In Watership Down, one of the rabbits is named Dandelion. The explanation given for the name in the Fandom wiki is this:

He is a yellow-furred rabbit, hence his name [Dandelion].

But while that answers why he has such a name in-universe, I'm still confused on the out-of-universe part. Dandelion is a storyteller and joke-cracker, a strong and hardy rabbit. When I think of dandelions, I think of the weed:

a fragile-looking white furred dandelion in a field of yellow dandelions

The plant is fragile, breaking apart easily to drift with the wind, or crushed by the slightest pressure. This seems incongruous with how reliable Dandelion the rabbit is. There are other plants which have yellow as a prominent color, and some of the rabbits in the book are not named after plants at all. So why is Dandelion specifically named after this tiny, fragile plant?

  • It's a distinctly sturdy plant, as anyone who tries to eradicate it finds.
    – Mary
    Commented Nov 30, 2020 at 2:08
  • As a side note: it was my recent accidental discovery that dandelion actually means "lion's tooth". From Medieval Latin through French into Middle English. I wonder if native English speakers recognize this connection?
    – tum_
    Commented Nov 30, 2020 at 15:47

1 Answer 1


Let me preface this answer by mentioning that I'm not convinced Richard Adams intended any particular significance or symbolism in the character names of Watership Down. As I've written about before, the story started off as a road-trip tale for his children, so he may not have put much thought into the names if he was creating many of them on the spur of the moment.

This called for spontanaiety, it had to, and I just began off the top of my head: 'Once upon a time there were two rabbits, called eh, let me see, Hazel and Fiver, and I'm going to tell you about some of their adventures'.

-- source

However, we can set aside the author's intent (that's far from the only way to understand the story) and analyse the text by itself, devoid of external considerations. Perhaps the author had subconscious reasons for choosing particular names even if he did so on the spur of the moment, or we can discuss some possible interpretations even if they never entered any level of his mind.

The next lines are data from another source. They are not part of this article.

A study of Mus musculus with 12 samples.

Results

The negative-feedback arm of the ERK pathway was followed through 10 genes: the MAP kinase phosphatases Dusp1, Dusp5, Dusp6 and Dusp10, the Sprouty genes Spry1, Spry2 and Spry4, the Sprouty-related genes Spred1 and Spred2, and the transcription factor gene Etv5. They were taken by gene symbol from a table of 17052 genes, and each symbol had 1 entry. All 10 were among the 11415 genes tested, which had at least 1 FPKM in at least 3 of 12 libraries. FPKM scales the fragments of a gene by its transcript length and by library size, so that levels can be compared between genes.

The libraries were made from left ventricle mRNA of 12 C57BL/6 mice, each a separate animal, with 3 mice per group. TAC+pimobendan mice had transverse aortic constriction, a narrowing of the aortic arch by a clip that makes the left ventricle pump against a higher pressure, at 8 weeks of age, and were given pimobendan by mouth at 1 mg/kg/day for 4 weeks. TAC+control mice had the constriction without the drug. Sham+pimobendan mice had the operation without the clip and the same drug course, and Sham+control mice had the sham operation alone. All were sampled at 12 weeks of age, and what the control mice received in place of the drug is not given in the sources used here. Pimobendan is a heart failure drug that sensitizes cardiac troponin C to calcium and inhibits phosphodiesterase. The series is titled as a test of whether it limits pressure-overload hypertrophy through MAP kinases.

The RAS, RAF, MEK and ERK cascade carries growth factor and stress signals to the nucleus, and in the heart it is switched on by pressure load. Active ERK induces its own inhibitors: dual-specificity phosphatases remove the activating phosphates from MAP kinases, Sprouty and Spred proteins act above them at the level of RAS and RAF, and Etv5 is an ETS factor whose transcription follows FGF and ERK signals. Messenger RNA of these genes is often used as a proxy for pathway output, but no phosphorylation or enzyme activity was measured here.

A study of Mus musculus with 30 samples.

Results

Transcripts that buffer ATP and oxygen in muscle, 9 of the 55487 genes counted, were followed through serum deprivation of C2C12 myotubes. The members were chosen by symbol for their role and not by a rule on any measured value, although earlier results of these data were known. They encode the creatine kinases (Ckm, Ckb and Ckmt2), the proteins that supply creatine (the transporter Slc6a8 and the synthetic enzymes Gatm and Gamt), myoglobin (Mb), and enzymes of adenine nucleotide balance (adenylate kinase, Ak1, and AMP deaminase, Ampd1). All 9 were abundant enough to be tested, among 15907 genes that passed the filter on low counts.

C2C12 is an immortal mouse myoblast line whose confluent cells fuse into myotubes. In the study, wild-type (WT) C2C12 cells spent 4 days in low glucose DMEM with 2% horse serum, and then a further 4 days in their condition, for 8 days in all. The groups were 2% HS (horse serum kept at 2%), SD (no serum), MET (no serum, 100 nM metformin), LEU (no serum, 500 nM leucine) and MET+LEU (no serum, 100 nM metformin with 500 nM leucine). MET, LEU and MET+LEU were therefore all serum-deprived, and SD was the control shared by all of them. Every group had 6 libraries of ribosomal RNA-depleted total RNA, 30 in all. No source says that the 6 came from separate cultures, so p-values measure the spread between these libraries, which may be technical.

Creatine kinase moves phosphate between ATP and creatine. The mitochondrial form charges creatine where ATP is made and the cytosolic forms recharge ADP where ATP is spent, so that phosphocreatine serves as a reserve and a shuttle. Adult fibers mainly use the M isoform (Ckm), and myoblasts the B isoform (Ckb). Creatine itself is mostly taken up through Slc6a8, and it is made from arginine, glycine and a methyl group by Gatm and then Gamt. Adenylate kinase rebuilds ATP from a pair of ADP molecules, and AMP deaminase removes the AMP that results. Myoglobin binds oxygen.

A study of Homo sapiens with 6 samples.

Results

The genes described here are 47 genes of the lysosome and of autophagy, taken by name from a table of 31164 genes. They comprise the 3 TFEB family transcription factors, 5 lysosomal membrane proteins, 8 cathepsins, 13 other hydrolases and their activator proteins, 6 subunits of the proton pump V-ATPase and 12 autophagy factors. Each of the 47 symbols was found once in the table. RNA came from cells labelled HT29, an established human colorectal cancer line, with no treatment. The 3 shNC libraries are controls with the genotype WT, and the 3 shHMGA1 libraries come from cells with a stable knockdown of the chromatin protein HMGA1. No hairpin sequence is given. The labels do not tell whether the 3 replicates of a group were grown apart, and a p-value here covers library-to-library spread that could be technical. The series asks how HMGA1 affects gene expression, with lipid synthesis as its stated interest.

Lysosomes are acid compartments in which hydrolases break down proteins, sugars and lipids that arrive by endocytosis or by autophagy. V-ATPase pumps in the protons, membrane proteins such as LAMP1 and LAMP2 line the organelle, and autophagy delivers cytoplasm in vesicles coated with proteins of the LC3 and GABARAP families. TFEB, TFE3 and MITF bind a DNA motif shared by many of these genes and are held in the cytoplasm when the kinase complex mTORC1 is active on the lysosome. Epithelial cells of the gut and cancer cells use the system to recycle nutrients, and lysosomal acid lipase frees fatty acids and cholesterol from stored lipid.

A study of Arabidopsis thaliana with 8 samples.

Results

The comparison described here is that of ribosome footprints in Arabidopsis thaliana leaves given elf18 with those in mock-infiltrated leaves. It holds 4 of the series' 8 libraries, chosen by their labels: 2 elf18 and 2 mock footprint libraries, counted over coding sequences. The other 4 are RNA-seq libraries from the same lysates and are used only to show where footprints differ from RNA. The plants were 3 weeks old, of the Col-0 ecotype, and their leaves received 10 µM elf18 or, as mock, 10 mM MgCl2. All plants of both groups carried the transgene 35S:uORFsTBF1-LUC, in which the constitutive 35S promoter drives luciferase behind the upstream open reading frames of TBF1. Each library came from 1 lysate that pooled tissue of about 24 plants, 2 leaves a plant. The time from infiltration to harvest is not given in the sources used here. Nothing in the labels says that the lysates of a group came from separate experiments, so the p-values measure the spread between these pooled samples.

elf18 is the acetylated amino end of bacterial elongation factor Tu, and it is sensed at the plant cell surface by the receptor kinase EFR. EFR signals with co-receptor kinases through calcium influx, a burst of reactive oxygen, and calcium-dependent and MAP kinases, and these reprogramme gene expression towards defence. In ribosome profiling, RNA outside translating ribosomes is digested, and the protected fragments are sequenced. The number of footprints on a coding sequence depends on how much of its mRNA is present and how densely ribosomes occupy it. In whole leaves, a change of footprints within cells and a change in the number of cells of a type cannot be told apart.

Dandelion is optimistic and hardy, properties symbolised by dandelions.

There is a language of flowers, which has a millennia-long history in traditional folklore, and was especially popularised during 19th-century England and America. However, the dandelion does not appear in this list, as it is a weed which is not considered as a "flower" by many people, so we must look elsewhere for its symbolism and interpretations.

The dandelion flower represents healing, emotional intelligence, the sun, happiness, and surviving through difficulties. Many of these symbolic connections make sense from real properties of the flower: it has health benefits, it's round and yellow like the sun, it has a bright happy colour, and it can thrive in almost any conditions (hence why it's often considered a weed).

The character of Dandelion is generally a happy and optimistic rabbit, retaining his energy even in difficult situations. He's also the fastest runner and the best storyteller among the character, although I can't see how those features factor into the flower symbolism. But his cheeriness and emotional strength are certainly consistent with the symbolic representations of dandelions.